Up-to-date information for employers on topics and issues that may affect workplace operations. The posts are current as of the date of the posting.


by Jennifer Brown Shaw and Jasmine L. Anderson | The Daily Recorder | May 2, 2013

On February 6, 2013, the United States Department of Labor (DOL) issued new Family and Medical Leave Act (FMLA) regulations. The new rules went into effect on March 8, 2013, and make several key changes to military caregiver leave, qualifying exigency leave and leave eligibility for airline flight crew employees. The regulations also clarify how to calculate intermittent FMLA leave and provide guidance on employers’ recordkeeping requirements.

Military Caregiver Leave

The new regulations expand the availability of military caregiver leave to eligible employees whose family members are recent veterans with a “serious injury or illness.” A “serious injury or illness” is one that either occurs while in the line of duty or is an exacerbation of a preexisting condition while in the line of duty. A “serious injury or illness” includes conditions that may not arise until up to five years after the veteran has left active service, unless the veteran received a dishonorable discharge.

Prior regulations limited “healthcare providers” for certification of military caregiver leave to only providers authorized by the United States Departments of Defense and Veteran Affairs. The new rules broaden the definition of “healthcare providers” to include any provider who meets the definition under the FMLA’s regulations. Employers may also seek second or third opinions for certifications from non-Department of Defense or Veteran Affairs healthcare providers.

Qualifying Exigency Leave

Employees with family members in the Regular Armed Forces (in addition to the National Guard and Reserves) who are on or have been called to active duty may qualify for exigency leave. “Active duty” now requires deployment to a foreign country.

Employees may also take qualifying exigency leave to care for a military member’s parent who is incapable of self-care, if the need for care is due to the military member’s active duty. This type of leave may be used to arrange for alternative care, provide care on an immediate need basis, or to admit or transfer the parent to a care facility.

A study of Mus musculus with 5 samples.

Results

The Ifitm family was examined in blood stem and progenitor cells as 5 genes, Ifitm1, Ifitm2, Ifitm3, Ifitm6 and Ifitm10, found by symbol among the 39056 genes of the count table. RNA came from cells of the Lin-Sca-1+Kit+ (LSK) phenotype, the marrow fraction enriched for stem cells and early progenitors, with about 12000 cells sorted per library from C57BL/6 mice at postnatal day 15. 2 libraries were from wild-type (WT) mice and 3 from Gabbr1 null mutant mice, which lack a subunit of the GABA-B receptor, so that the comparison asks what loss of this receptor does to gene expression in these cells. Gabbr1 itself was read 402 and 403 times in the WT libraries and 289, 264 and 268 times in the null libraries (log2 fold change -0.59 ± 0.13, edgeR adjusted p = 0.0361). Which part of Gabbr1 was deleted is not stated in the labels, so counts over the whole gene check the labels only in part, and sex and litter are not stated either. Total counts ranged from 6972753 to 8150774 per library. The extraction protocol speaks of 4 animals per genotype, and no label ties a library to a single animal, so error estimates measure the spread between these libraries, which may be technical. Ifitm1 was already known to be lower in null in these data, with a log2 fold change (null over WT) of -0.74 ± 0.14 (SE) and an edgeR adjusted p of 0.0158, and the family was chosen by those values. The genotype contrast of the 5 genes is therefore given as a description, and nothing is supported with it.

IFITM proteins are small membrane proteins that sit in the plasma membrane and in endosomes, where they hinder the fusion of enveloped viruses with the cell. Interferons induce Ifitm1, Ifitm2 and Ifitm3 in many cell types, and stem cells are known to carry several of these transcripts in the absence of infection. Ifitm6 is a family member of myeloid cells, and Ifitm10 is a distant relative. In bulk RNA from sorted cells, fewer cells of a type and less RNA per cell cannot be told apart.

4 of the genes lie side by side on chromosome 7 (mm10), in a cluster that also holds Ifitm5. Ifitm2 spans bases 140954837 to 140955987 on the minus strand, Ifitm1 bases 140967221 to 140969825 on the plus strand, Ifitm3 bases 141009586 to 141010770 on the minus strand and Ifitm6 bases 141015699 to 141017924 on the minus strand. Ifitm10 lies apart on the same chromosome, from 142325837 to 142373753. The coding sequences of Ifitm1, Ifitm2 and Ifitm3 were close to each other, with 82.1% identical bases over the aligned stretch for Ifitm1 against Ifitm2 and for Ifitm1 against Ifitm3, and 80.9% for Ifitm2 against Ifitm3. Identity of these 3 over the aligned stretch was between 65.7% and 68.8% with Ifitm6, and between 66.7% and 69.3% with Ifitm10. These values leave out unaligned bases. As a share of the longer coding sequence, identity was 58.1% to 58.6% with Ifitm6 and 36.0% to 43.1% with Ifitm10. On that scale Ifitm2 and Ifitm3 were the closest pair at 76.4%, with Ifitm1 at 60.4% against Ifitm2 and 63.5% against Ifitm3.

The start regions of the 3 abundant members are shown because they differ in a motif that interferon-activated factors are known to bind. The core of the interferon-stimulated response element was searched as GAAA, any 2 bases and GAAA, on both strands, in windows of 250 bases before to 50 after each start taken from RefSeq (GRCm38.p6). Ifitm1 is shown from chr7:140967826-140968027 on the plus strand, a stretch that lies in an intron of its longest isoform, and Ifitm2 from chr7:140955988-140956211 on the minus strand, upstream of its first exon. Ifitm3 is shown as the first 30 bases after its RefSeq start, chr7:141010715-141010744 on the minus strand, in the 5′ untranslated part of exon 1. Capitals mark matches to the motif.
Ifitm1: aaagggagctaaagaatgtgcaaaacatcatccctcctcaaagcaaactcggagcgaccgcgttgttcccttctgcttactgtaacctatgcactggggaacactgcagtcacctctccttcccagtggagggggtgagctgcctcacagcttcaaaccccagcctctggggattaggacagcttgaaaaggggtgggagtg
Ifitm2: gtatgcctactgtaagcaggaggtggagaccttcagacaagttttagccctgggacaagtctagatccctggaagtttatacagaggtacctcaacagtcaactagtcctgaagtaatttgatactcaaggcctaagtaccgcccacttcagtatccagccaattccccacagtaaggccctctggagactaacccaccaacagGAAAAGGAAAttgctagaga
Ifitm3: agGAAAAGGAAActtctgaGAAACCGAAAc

The new regulations also increase the number of days during which an eligible employee may bond with a military member on “rest and recuperation” from five to 15 calendar days. IN addition, this type of leave may be taken on an intermittent basis.

Airline Flight Crew Employees

The new regulations clarify the FMLA eligibility requirements for airline flight crew employees. These employees meet the FMLA service eligibility requirements if: (1) they have worked or been paid for at least 60% the monthly guaranteed hours; and (2) they have worked or been paid for at least 504 hours during the previous 12 months. Flight crew employees may also become eligible for FMLA leave by meeting the standard requirement of: (1) working for the employer for at least 12 months; (2) working at least 1,250 hours in the previous 12 months prior to the start of FMLA leave; and (3) working at location where at least 50 employees are employees at the location or within 75 miles of the location.

Calculating Intermittent Leave and Recordkeeping Requirements

The new regulations provide much needed clarification regarding how to calculate intermittent leave under the FMLA. Employers must track FMLA leave using the smallest increment used for other forms of leave, subject to a one-hour maximum. So, if the employer allows employees to take vacation time in 15-minute increments, then it must allow employees to take FMLA leave in 15-minute increments as well.

The DOL also updated recordkeeping requirements to require employers to comply with the confidentiality requirements of the Genetic Information Non-Discrimination Act (GINA). GINA requires that all FMLA forms requesting medical information contain “safe harbor” language. Interestingly, the DOL FMLA forms still do not contain this language . (Of course, California employers should not use the DOL forms anyway, because the California Family Rights Act (“CFRA”) imposes a number of requirements on employers that the FMLA does not.)

Tips for Employers

To comply with the new regulations, employers should post the new FMLA poster, which went into effect on March 8, 2013. The new poster can be found on the DOL’s website at:

Employers should also update their FMLA policies to conform to the new regulations. California employers must ensure their policies also comply with the CFRA as well.